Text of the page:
PRINCETON, Kan. (AP)--The biggest trend in farming is small. Small like the operation on the outskirts of this mini-burg run principally by Ferna Louden--churner of her own butter, maker of her own cheese and yogurt--with help from her husband, Bob, and, especially, his nonfarm job and its health insurance.

"How's my Martha Mae?" she coos to her Jersey cow--part dairy producer, part pet.

Louden takes great comfort in knowing where her family's milk comes from--even if it means hand-working a teat damaged by a turtle bite. Ditto, where and how the household's eggs, chickens, pork and many of its vegetables are raised.

She moved the family two years ago from Alton, Ill., to the edge of the Kansas prairie, to live off 17 acres nurtured as naturally as is practical.

In that way, she represents a new turn in American farming.

Almost since the Homestead Act of 1862, economics and steadily improving technology have made it more practical and necessary for farmers to live off ever larger tracts, to be ever more reliant on bigger machinery, chemical treatments, hybrids and even genetically modified crops.

Now the U.S. Department of Agriculture's 2007 census has detected an uptick in the number of farms--more than 290,000 new ones in the previous five years, or a rise of 4 percent in the total.

Like the Loudens, they are generally small operations made possible by some other kind of employment in the family. These new farmers are younger than the norm. Compared with the average, they are less likely to be white and more likely to be female.

Quite often, they don't set out to produce commodity food--grain that goes from field to silo to train car to factory or livestock bound for a slaughterhouse then to a distant grocery.

Rather, new farms tend toward the boutique. They are refined to fit the stylized concerns for the environment or diet, or both, of grower and source-savvy consumer.

For families such as the Loudens--she's the descendant of homesteaders and was raised in small-town Kansas, he hails from Chicago--the move to farming offers a way toward self-sufficiency and an embrace of rural life.

"To sit down at a table of pork chops or chicken and eggs and mashed potatoes and milk, all off of our farm, is wonderful," said Ferna Louden. "There's no feeling like it you can imagine."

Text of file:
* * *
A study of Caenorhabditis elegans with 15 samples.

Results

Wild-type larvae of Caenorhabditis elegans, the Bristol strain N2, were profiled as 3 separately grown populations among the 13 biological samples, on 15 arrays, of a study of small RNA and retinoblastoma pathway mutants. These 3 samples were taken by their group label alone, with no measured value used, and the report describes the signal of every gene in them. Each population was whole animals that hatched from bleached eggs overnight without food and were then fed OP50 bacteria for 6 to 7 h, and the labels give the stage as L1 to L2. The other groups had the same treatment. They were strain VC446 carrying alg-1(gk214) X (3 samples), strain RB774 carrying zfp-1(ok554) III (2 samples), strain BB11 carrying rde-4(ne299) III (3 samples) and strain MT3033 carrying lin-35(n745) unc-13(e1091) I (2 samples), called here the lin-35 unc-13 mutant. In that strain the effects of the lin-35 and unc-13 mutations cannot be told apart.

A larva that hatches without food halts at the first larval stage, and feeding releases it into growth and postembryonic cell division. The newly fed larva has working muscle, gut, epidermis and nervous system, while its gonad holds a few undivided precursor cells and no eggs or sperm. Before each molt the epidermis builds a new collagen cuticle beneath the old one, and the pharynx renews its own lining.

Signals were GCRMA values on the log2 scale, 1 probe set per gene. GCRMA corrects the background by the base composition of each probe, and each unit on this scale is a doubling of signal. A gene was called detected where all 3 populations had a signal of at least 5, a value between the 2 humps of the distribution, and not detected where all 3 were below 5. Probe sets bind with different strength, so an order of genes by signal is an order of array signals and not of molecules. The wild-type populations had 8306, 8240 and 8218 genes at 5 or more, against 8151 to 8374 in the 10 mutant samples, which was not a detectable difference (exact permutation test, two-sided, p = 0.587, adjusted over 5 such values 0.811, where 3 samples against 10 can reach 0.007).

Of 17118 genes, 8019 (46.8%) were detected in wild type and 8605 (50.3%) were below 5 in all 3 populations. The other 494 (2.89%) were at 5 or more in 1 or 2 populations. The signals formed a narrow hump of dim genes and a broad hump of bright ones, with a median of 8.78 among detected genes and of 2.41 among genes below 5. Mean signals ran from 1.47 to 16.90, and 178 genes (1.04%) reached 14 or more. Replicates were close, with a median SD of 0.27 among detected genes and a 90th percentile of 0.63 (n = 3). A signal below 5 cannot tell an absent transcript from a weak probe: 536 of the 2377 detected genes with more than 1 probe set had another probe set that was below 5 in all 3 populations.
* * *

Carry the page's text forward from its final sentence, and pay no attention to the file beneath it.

In the larger scheme, large farms are continuing to absorb more ground as midsize farmers sell off.

A niche of smaller farms--10, 20 or 30 acres compared with the national average of 400-plus acres or operations on the Great Plains that can routinely stretch over 1,000 acres--has sprung up just beyond the suburbs. It feeds a growing appetite for food that a cook can tie to its producer.

"People want a connection. Farmers want a connection to the people who eat their foods. Then consumers want to have a connection to who makes their food," said Katherine Kelly, the executive director of the Kansas City Center for Urban Agriculture.

Even if the farms are not certified as organic--an unwieldy process that can take five years or more to establish--they often champion the way they avoid pesticides on crops and hormones and preventive antibiotics in livestock.

"That's what we want," said Ferna Louden. "It's what the people who come to us want."

"You've almost got a cottage industry. Someone raises a few head of cattle and shares the beef with a few neighbors, and those neighbors share their sweet corn and so on," said Eddie Wells, a USDA statistician.

He noted that the new, small farms in Kansas are clustered near urban areas such as Kansas City and Wichita. That gives them easy access to farmers' markets and makes them close enough that fussy consumers can drive to the farms for freshly laid eggs or just-slaughtered meat.

The new farms are often as much about cultivating a lifestyle as growing food for profit. (Bob Louden is a geologist who works for an environmental consulting firm. He is less optimistic than his wife about the farm one day paying for itself.)

"People can be really starry-eyed about what farming looks like and how it's going to feel and how it's going to fit in with their family and how it's going to fit in with the rest of their lives," Kelly said. "They learn pretty quickly it can be hard work."

And for most of them, not quickly profitable. Of America's 2.2 million farms, only 1 million show a profit. The rest rely on off-farm jobs to cover the cost of farming.

Just 7 percent of Missouri's farmers are responsible for three-fourths of the state's agricultural production. In Kansas, two-thirds of agricultural output comes from less than 3 percent of its farms.

It's almost as if the new and the established are in different businesses.

The Loudens talk about the rolled eyes they have provoked with their emotional attachments to their livestock--"Martha will never end up as hamburger"--and how they may be forever seen as city folk.

For advice, they are as likely to turn to fellow "homesteader" farmers found through the Internet as to neighbors. Those locals tend to focus on increasing the scale of their farming, while the homesteaders aim to raise food in ways they see as more natural.

The Loudens, for instance, let their chickens and pigs roam. They experimented with not castrating their hogs, only to give in to convention so the animals would be easier to sell at butchering time.

"We do things a little differently," said Bob Louden. "We are different."